Cost Center Mentality
Cost-center based budgets have long created challenges for CISOs to deliver a level of security that not only meets expectations of the board, executive committee, regulators, and shareholders, but also keeps the business safe. Why?
Cost centers are viewed as detrimental to the bottom line. Functional areas deemed cost centers are generally required to trend to budget decrease — often with mandatory annual % reductions and are viewed as an easy area to trim when times are tough.
The result is budget-driven pressure on the IT/Security function to maximize efficiencies and reduce costs – facing the relentless challenge of doing more with less. The team’s focus becomes keeping their costs in line or below budget, rather than the immense task of staying ahead of emerging threats.
Over the last several years, cybersecurity has taken center stage as a top priority for business leaders. The reason for this is simple: cyberattacks are not going away. In fact, they’re getting more sophisticated and more frequent. As a result, companies are beginning to realize that cybersecurity is no longer a cost center — it’s an investment in their long-term success.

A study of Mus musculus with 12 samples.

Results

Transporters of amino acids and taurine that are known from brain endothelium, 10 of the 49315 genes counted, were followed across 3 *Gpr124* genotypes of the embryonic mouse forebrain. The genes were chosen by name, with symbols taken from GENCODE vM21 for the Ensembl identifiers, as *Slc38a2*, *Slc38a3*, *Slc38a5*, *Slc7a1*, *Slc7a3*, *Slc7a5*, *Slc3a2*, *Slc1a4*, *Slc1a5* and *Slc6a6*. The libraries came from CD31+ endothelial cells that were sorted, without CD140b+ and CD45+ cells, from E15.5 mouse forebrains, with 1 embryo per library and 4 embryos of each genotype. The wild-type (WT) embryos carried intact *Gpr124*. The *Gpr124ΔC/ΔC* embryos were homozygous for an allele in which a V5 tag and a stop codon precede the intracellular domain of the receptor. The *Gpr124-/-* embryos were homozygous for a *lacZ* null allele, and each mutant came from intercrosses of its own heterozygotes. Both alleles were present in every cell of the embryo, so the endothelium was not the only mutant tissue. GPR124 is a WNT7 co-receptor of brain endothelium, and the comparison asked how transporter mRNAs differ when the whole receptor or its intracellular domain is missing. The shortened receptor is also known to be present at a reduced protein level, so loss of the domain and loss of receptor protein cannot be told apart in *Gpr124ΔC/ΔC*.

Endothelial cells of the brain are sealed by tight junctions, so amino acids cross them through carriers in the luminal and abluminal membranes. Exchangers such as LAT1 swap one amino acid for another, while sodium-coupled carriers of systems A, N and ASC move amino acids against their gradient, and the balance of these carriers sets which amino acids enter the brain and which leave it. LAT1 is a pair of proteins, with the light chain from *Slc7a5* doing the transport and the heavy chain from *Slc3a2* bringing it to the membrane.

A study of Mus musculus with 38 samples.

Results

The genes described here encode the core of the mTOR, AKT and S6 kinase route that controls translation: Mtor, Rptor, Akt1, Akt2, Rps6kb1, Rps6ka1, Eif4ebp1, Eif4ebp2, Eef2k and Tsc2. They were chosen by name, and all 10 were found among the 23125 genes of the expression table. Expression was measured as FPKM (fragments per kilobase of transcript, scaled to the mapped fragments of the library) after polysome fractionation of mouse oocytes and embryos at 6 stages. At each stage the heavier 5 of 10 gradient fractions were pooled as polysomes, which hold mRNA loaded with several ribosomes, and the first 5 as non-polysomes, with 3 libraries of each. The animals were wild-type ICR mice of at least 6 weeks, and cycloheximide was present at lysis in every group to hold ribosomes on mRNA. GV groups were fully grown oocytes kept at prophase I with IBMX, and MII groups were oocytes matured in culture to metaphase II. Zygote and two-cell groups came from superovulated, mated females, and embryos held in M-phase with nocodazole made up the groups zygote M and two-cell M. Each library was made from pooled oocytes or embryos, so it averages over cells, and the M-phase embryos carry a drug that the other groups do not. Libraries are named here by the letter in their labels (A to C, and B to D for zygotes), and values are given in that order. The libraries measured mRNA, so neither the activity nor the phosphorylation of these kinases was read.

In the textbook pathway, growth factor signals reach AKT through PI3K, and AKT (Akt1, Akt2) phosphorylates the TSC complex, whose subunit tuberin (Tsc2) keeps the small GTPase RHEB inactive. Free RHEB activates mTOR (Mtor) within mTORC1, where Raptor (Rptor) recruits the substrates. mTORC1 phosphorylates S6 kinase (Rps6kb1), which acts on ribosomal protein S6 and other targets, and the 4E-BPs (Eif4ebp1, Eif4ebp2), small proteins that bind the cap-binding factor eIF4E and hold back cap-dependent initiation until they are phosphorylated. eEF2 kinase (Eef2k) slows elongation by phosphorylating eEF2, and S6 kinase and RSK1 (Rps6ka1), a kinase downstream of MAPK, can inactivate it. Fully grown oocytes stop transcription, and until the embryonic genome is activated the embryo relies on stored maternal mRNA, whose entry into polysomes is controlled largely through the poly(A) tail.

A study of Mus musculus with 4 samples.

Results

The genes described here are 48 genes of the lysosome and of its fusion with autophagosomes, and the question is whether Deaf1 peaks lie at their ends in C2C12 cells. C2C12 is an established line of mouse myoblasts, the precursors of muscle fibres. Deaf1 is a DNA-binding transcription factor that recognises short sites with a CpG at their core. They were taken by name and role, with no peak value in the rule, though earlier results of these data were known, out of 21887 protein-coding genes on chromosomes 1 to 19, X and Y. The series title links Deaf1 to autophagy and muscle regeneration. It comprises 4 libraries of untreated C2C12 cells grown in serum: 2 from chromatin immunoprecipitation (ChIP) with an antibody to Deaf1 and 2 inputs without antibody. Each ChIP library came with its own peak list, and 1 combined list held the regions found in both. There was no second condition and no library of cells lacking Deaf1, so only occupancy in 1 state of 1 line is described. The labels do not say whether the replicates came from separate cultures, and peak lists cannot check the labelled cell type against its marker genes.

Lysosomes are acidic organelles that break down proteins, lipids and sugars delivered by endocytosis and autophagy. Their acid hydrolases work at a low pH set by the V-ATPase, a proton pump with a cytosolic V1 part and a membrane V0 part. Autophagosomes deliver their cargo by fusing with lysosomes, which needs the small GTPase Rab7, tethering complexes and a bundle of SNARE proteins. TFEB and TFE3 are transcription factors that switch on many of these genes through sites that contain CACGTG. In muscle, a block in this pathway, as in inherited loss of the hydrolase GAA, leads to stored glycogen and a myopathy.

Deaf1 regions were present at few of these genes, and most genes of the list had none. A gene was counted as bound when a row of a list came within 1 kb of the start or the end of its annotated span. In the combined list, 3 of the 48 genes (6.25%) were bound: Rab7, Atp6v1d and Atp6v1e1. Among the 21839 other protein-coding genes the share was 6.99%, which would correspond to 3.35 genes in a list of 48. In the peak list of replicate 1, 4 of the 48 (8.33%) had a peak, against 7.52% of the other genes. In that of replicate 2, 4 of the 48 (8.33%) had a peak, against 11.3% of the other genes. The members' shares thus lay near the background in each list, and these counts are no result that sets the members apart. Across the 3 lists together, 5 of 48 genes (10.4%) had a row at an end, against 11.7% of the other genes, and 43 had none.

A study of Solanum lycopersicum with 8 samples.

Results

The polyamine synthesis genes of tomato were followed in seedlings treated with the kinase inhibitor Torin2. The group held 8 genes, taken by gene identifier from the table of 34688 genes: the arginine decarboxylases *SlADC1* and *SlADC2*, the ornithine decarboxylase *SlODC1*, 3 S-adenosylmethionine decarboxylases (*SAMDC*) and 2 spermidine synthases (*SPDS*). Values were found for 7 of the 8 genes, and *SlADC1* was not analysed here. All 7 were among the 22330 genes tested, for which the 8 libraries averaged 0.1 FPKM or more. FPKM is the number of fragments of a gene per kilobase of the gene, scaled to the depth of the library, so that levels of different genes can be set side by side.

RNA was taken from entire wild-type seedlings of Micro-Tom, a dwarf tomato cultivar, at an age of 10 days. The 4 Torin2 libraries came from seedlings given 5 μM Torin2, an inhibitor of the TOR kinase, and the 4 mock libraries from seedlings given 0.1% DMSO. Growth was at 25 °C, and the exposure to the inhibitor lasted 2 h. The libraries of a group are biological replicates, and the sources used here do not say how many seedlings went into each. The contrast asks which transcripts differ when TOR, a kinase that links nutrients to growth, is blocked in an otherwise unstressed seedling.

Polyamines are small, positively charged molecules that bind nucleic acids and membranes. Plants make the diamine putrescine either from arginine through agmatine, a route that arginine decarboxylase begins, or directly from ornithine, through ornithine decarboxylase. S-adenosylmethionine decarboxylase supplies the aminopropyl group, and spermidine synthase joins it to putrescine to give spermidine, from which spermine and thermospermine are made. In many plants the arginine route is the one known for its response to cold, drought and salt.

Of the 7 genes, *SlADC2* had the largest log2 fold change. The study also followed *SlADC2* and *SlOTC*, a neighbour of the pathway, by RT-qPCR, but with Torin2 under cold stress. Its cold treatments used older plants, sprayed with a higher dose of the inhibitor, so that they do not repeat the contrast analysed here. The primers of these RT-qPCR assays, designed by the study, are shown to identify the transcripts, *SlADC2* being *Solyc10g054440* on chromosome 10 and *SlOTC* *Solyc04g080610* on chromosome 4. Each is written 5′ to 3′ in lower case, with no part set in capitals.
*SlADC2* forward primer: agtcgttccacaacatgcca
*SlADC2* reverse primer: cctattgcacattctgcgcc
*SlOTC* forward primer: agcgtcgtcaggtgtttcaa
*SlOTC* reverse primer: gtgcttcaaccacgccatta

In fact, according to Statista, the global average cost of a data breach in 2022 is $4.35 million—and that number can easily grow exponentially if your company doesn’t have adequate defenses in place.
All stakeholders – the rest of the C-Suite, boards, and committees – are taking note of this increase in risk potential and are starting to realize that they already have internal resources that can help lower that risk.
A New Case for Budget
CISOs and security executives understand that their role isn’t just about protecting their organization from cyberattacks. It’s also about helping executives understand why cybersecurity needs to be part of every company’s strategic planning and risk mitigation conversations from day one.
That’s why it’s so important for CISOs and security executives to explain how investments in cybersecurity can mitigate risk and save money by preventing costly incidents from occurring, and managing them effectively when they do happen, down the road. Investments should always be considered in contrast to potential risk when considering budgets and financial projections.
Positioning for increased budget investment as a fraction of potential loss can mean the difference in not just prevention, but also in ensuring that when a breach does happen (it’s not if, but when) that the team is prepared with comprehensive, actionable response, containment, mitigation, and communication plans to shut down threats and lead the organization through the event with as little downtime and loss as possible.